Monday, April 17, 2017


There were twelve issues in the Mad Mummy series, which I spent a little over two years working on. They were published digitally and you can find them on sale at iVerse. ( Currently I am planning on a very limited print run of the series, which will be broken up into a series of three graphic novels. From time to time I  get requests from fans wanting to know if there is a print edition of the books, so I’m this offer is  to any of you who might be interested.

Because both the costs of printing and shipping are outrageously expensive, even offering this product at slightly above cost doesn’t always make it affordable to readers. Each of the three 92 page volumes will run $15, plus an additional $7 postage/handling.(Postage for  orders outside the U.S. will have to be calculated differently.) I thought about lowering the shipping cost by sending the material Media Mail instead of priority, but tracking/insurance keep this from being a realistic option. However, you are only stuck with the shipping cost once; if you order more than one of the volumes the shipping stays the same.

What you are getting for that price is a one of kind book, because I certainly don’t have any plans to print and sell this commercially. Also, you will receive a piece of signed artwork from series from one of the thumb nailed pages or a series of panels from one of the pencil roughs. While I won’t guarantee you can pick whatever page you desire, I will try and give you options. And when the original art goes on sale, if you have purchased one of the volumes you will always get a 15% discount on anything you might be interested in. 

So if any of you are interested in having any of the Mad Mummy Exclusive Trade Paperback editions, send me an email and reserve your copy today. I am planning on having the books ready to ship to any who are interested by the end of May, 2017.

Mad Mummy #9

"Whether you have bullies for schoolmates, a child predator after you in a locked museum, 
or just a very nasty parent, it’s good to have a mummy looking out for you." 

Mad Mummy #10

Since he is 3400 hundred years old, Adam Ray can offer some great firsthand insights to his his friend Colin, the museum curator on the artifacts discovered of the cat god Bast. But there are others interested in this find as well: two space aliens Augah and Rushee who have a much greater affinity for cats than for humans. When the three terrorist stooges who are thrown into the mix, all hell breaks loose with Adam, Colin and our kitty narrator thrown right in the middle. Zany and wacky antics ensue with a hot heroine and non stop action.  Don’t miss it!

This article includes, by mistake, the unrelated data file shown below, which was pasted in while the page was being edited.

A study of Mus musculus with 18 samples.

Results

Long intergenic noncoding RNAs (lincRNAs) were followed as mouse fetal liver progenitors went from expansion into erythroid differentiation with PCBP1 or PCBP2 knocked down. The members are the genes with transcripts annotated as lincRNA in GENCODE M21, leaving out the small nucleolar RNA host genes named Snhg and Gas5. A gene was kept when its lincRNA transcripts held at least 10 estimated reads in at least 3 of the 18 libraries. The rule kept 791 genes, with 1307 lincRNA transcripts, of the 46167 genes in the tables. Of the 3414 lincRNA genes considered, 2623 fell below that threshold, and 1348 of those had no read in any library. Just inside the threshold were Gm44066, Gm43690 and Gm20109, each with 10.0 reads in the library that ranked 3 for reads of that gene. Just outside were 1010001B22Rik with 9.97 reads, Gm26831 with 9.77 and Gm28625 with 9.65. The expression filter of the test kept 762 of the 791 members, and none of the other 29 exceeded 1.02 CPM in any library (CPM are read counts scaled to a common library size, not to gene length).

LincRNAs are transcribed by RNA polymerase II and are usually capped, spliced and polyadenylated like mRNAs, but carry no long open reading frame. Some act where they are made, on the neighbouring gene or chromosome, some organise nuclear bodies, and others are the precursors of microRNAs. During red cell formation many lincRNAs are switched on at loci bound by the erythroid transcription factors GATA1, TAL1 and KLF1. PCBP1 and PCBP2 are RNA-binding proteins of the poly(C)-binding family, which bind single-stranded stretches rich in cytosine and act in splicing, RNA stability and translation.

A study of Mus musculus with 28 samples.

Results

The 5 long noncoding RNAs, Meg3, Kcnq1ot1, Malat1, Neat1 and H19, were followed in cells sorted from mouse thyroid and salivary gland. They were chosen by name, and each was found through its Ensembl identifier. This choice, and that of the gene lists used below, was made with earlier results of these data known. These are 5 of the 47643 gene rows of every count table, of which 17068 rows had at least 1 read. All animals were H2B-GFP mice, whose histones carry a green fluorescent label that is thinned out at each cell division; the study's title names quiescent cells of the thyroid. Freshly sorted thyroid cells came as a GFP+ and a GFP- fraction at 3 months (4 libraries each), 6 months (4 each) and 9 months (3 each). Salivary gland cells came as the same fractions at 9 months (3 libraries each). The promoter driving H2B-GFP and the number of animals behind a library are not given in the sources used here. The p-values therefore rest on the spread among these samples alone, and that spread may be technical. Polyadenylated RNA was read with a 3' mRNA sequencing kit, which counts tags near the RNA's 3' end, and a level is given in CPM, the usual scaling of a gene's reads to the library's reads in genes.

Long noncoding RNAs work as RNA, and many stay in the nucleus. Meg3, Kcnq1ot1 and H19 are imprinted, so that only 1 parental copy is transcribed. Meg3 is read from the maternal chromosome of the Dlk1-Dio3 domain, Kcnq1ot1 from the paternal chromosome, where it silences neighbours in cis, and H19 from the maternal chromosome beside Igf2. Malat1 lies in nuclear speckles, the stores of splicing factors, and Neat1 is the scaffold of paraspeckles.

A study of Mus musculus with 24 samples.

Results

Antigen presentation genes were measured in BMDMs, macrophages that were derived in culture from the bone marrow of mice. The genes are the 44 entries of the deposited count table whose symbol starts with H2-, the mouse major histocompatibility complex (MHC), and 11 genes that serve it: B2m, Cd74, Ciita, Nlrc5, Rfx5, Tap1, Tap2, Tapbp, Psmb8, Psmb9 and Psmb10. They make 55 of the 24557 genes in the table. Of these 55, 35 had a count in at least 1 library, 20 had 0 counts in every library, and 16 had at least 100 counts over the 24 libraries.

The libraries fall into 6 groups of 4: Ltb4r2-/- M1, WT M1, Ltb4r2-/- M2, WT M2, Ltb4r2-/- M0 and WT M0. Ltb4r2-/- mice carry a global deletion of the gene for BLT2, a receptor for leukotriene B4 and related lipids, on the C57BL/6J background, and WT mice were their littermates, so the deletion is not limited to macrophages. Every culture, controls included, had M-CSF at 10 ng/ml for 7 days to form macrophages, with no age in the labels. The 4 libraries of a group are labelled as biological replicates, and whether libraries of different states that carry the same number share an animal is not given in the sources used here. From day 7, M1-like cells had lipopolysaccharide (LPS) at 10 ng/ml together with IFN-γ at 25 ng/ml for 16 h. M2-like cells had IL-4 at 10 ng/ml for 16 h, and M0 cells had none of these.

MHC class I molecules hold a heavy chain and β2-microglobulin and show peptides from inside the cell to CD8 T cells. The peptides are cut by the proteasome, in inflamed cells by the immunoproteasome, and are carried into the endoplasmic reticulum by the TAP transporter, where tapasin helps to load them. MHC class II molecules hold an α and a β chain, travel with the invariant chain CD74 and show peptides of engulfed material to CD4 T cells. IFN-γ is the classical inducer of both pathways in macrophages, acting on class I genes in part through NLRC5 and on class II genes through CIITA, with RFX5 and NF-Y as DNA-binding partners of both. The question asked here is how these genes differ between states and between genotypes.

Mad Mummy #11

In an effort to save an innocent boy, Aten Ra, the Mad Mummy, takes on the despicable and debauched demon, Rumscheyliesha and her soulless minions in a vicious game of organ poker. Will Adam Receive the unkindest cut of all? Gasps, gore and guffaws in another tale narrated by the cat, Mr. Ard.

Mad Mummy #12

There are trials and tribulations for along the way for Aten Ra as he escorts his friend Robert too the land of the dead. But there is a sexy boat Captain named Sharon to ferry them, and our feline friend Mr. Ard is there to narrate. Fun and thrills for all. 


When I was working on my fanzines back in the 60’s and had aspirations toward being a cartoonist, the main folks that I was looking at were the popular working artists of the day: Joe Kubert, Leonard Starr, Wally Wood, Jack Kirby, Al Williamson,etc.  However, my friend Richard “Grass” Green kept raving about his favorite comic strip…something called the Spirit, by Will Eisner. The first time I finally saw any of this work was when Harvey Comics reprinted to giant size comics of several of the stories when I was a junior in college. Needless to say, I was immediately hooked.

For those of the uninitiated, the Sprit was Denny Colt, a police detective who is presumed dead, but comes back in the secret identity of the Spirit to fight crime. His hidden lair is in Wildwood Cemetery. He wore a suit and as a token to costumed heroes, a mask to cover his eyes. I didn’t know what to make of the artwork when I first saw it. It was definitely cartoony, but with a sense of realism and lighting that was beyond what I was seeing most comics. And the acting, the staging and the camera movement were far ahead of anything else that I was familiar with . Yeah, it looked like a movie.

What really impressed me was that although Eisner was from an era of genocide, h-bombs, mass starvation and despair his stories still maintained a light touch.They might be filled with violence, hatred and drama, but you knew that it was all going to work out in the end. If I had wanted realism, there was literature and history. Eisner’s Spirit was just there to entertain, and what wonderful entertainment it was. While Marvel and DC filled their comics with super human misfits and giant aliens, Eisner’s stories were always about real people. Often the secondary characters were far more important to the plot that the Spirit. 

When I started writing my own comics, way back when I created Linda Lovecraft, I immediately went to Eisner for direction and inspiration. And thirty years later you can certainly see it in these last four tales of the Mad Mummy. 

(Above and below: me doing my homage to Will who once told me, "My heroines are usually women who promise a lot more than they can deliver."  I've also tried to add that element to my stories.) 

(For more on Eisner and his approach to writing, you can check out Eisner and Film:Trouble In Paradise.